The Galway Vindicator of July 25, 1857, reported the arrival in Galway on board the SS Lady Eglinton, of two cannon, which had been shipped from Woolwich Arsenal, the main storage and distribution depot of Crimean War ordnance. These cannon, described as “64-pounders of a heavy and clumsy description, each weighing two tons,” were taken from the docks to the goods yard beside the railway station, where they were made ready for the handing over ceremony. They were part of a significant amount of Russian ordnance which had been captured in 1854 by the 88th Regiment at the Battle of Inkerman during the Crimean War. They were two of a number of artillery pieces that were presented by the war department to various cities as trophies.
On Monday, August 3, 1857, the presentation of the “Sebastapol trophies” took place in pouring rain at midday. They were mounted on iron carriages and escorted from the goods yard around to the front of the Railway Hotel where special plinths had been prepared on either side of the front door. The procession was led by Peter Sarsfield Comyn, High Sheriff, who had been responsible for their safe arrival, and indeed had underwritten the cost of transportation. The guns were run up the steps on ramps and faced outwards towards a sodden crowd consisting of the "fashionable" people of the town, businessmen, and gentry from the county. The speeches got under way in the torrential rain but it was obvious they would have to be abandoned and as the Vindicator put it, “Sauve qui peut was, if not the general cry, the general feeling, and all beat a hasty retreat with as much precipitation as the Russians themselves when the guns were captured”. They all adjourned to the Town Hall for refreshments and entertainment which continued into the small hours of the following day.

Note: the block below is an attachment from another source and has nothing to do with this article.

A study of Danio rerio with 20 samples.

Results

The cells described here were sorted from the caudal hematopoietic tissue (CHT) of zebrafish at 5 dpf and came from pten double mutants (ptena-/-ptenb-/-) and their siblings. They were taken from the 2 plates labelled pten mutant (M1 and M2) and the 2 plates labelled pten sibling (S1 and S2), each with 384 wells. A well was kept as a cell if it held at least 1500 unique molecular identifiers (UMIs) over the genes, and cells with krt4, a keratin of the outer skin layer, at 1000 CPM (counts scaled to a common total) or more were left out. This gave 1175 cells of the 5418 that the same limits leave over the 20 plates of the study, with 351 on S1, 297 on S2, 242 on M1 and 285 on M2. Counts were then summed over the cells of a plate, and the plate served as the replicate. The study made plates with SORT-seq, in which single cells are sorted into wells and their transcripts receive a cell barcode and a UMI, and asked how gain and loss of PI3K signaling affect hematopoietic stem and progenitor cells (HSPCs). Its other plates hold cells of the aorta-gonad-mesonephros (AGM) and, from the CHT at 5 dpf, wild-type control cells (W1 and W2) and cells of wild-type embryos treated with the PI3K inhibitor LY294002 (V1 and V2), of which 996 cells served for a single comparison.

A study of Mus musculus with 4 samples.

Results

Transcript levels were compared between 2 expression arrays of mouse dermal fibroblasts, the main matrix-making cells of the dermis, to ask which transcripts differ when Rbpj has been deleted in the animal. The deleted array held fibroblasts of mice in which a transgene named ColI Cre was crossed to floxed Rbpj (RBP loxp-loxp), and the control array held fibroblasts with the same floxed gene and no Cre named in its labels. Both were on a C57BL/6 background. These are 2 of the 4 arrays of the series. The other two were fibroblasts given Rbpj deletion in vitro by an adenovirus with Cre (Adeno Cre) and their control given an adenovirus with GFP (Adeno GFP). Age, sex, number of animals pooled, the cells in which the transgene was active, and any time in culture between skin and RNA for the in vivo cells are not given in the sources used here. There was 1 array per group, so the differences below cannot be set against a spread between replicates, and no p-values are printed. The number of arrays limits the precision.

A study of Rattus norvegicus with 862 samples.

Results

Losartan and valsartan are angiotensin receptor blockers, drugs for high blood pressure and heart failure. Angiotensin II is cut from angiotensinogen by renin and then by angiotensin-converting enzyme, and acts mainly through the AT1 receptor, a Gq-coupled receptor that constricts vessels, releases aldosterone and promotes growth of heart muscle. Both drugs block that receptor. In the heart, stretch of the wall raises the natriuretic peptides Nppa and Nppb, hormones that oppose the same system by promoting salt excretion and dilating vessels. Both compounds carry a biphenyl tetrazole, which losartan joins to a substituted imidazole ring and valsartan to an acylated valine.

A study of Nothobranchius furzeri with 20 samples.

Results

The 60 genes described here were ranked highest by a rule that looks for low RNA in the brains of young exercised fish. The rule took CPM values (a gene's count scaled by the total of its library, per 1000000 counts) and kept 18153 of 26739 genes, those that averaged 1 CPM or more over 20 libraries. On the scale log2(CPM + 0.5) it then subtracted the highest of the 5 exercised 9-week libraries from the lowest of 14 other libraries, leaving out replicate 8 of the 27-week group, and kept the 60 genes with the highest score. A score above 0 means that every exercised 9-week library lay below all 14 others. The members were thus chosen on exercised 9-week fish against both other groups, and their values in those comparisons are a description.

The rise of Fenianism in the 1860s unnerved the authorities and they removed the guns in case the revolutionaries might be able to make them serviceable. Most people thought this was ridiculous, the Fenians would be incapable of using such heavy artillery, but they were removed. They were an attractive ornament to the town and were badly missed. On the last day of 1868, they were returned to the northern end of the Square.
As you can see from our photograph, which was taken c1890, these guns were a major attraction in the Square, particularly with children who were always playing around them. The second cannon can be seen on the far right of the photograph. The statue between them was by John Henry Foley and the subject was Lord Dunkellin, a most unpopular landlord. After the truce was signed, a mob gathered and pulled down this statue. It was dragged, accompanied by marching bands and great celebrations, along the street and dumped into the river.
Monuments don’t do very well in Eyre Square, the Browne Doorway is a disgrace, the fountain is no longer a fountain, the JFK monument was vandalised, Pádraic Ó Conaire was beheaded, and these cannon were moved some years ago during the ‘improving’ of the Square. They are still on public view but I bet a lot of Galwegians don’t know where.
Most of the above is taken from a fascinating article by Tim Collins in the Galway Archaeological and Historical Journal, Volume 48, which was published in 1996.